The cult of a dead king
AS a result of King Bhumibol Adulyadej’s death on October 13, Thailand’s “Big Brother” mentality has heightened. Ultra-monarchists are watching over everyone’s behaviour and scrutinising their conversations to determine if they may constitute lese majeste. In this environment, mob rule prevails.
Immediately after the passing of King Bhumibol, there were remarkable mass outpourings of grief from black-clad Thai people. This has also unleashed a small but vocal force of extreme monarchists, including online scouts scouring the internet to punish anyone perceived to have insulted the king and his family.
On October 15, Mai Phakaporn, a middle-aged woman, was slapped by a female ultra-monarchist after she got off a bus in Bangkok – in front of an uniformed police officer who did nothing to help her or to arrest the perpetrator of this assault. She was alleged to have defamed the monarchy in the bus and was overheard by her attacker. It was later revealed that the 55-year-old was mentally ill.
On October 16, a video livestreamed to Facebook showed a royalist mob kicking and beating a man and forcing him to prostrate himself in front of King Bhumibol’s photo and make an apology for allegedly insulting the monarchy online.
During the beating, which took place in Chonburi east of Bangkok, the man was forced to yell out, “I didn’t mean to do it. I love the king! It’s my fault.” His employer admitted to giving the man’s address to vigilantes.
On October 17, a woman accused of insulting the heir-apparent, Crown Prince Maha Vajiralongkorn, was publicly intimidated, hit, humiliated and forced to grovel beneath a portrait of Bhumibol in a suburb of Bangkok. The 43-year-old, Umaporn Sarasat, was jeered by a crowd of 500 angry monarchists as she prostrated in front of the late king’s image.
The cult-like frenzy of crying, and the beating of non-royalist or antimonarchists Thais, in the wake of their beloved King Bhumibol’s death, is a result of long-term indoctrination. This “programming” comes down to three key factors.
First, is the country’s strict lese majeste law, or Article 112. The laws protect the most senior members of Thailand’s royal family from insult or threat.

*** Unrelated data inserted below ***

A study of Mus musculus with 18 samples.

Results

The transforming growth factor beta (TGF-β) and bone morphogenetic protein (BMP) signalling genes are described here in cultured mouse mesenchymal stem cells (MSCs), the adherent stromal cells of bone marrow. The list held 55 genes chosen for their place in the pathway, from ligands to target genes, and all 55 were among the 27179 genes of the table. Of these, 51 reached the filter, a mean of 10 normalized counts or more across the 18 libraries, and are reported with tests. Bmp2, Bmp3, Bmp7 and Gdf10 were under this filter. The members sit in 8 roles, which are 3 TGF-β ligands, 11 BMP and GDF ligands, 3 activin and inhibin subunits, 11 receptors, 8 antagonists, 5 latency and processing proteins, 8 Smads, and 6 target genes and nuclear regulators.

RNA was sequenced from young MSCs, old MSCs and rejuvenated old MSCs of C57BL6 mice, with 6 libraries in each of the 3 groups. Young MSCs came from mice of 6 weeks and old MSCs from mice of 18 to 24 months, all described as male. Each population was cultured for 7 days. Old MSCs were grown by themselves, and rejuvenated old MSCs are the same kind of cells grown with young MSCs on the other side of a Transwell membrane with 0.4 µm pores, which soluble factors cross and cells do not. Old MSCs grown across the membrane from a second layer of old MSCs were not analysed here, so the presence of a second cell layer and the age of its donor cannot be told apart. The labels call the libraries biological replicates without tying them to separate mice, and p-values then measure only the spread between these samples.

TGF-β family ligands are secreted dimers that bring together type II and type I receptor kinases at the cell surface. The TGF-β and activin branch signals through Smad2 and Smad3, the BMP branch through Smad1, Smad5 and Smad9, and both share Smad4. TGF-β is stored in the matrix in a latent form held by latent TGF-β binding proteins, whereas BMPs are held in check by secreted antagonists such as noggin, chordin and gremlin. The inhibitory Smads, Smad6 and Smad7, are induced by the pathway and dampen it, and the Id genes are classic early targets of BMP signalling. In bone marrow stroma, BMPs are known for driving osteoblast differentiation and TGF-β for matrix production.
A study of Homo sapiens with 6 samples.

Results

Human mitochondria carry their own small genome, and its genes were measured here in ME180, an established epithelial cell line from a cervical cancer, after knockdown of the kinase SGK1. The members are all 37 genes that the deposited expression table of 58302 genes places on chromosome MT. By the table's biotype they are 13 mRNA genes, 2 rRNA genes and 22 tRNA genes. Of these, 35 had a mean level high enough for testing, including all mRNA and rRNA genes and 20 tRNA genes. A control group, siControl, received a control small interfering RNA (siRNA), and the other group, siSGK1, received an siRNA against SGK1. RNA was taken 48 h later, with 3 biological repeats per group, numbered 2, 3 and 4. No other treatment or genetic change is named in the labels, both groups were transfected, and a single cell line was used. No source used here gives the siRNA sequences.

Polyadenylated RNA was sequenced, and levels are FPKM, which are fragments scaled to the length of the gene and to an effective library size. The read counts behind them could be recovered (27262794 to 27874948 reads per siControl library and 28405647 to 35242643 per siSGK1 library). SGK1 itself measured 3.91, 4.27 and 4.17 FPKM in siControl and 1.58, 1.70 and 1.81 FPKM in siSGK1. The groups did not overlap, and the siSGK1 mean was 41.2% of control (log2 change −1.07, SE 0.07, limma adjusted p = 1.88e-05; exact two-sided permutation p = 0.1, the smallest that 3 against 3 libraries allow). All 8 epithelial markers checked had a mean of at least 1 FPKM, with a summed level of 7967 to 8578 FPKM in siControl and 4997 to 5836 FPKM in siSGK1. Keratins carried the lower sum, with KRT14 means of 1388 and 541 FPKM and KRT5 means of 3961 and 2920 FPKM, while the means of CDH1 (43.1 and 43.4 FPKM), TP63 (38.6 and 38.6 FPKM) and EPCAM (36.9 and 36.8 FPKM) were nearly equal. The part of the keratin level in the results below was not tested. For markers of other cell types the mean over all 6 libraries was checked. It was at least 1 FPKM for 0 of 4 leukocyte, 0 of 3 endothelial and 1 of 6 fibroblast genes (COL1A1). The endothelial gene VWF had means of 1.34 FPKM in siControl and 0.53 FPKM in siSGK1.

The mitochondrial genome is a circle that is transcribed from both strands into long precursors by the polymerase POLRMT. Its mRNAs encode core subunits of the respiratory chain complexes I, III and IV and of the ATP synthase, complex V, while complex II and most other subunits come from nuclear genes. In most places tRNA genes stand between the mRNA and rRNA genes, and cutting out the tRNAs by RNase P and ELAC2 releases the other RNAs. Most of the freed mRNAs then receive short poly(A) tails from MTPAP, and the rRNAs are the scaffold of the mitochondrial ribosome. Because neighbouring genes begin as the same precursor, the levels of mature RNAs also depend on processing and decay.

Article 112 of Thailand’s criminal code says anyone who “defames, insults or threatens the king, the queen, the heir-apparent or the regent” will be punished with up to 15 years in prison.
This has remained virtually unchanged since the creation of the country’s first criminal code in 1908, although the penalty was toughened in 1976.
The ruling has also been enshrined in all of Thailand’s recent constitutions, which state, “The King shall be enthroned in a position of revered worship and shall not be violated. No person shall expose the King to any sort of accusation or action.”
In other words, one can only praise the royal family. Any slight hint of negativity will result in lese majeste and jail terms. Indeed, hundreds of lese mejeste prisoners are scattered throughout the kingdom. And there are many who have fled overseas – I am one of them.
This strict law not only prevents open discussion but forces Thai people to live in strict reverence of the royals and bow down in unquestionable obedience.
The second is that, for much of his reign, King Bhumibol was a mystical figure.
Ever since the untimely death of his elder brother, King Ananda, the young Prince Bhumibol became reclusive and rarely gave interviews. He was also rarely seen in public, except to deliver the sporadic New Year or birthday speech.
In the main, his subjects did not truly know him or what he was truly thinking. Indeed, he behaved in a way that seemed a lot more like an aloof god or detached demi-god than a monarch, or a “loving father of the nation”, as so many have been quick to call him.
However, there were periods, earlier in his reign, when he did connect with his subjects – meeting them in the country’s fields where he dispensed development largesse and his wisdom.
But by the end of the 20th century and start of the 21st, Thais have mainly seen a king who was shrouded by sickness, ensconced by elites, and tacitly approving of coups that were the salt in the wounds of the people’s overturned democratic desires.
Third is the yearly promotional budget from taxpayers’ money, which is used to positively portray the royal family publically. Thailand’s ruling junta has significantly increased the budget of this well-oiled PR machine – allocating up to 18 billion baht, or around US$513 million.
This massive sum of money is used to pay for news and publicity material about the royal family and the monarchy across television and radio stations throughout the day, seven days a week.
In addition, the budget provides for the publication of teetering piles of promotional booklets for children in elementary and high school. The huge posters of the king hanging in all major street corners also come from this find. All this propaganda is paid for by the people.
Which raises the question: Is the monarchy loved from true adoration, or is adoration merely the product of advertising? – New Mandala
Narisara Viwatchara was charged with lese majeste in 2009 for posting an article about the royal couple in an internet chat room. A warrant for her arrest was issued. She was alerted and fled to the United States.
A mourner holds up a portrait of the late King Bhumibol Adulyadej at a commemorative event on October 22.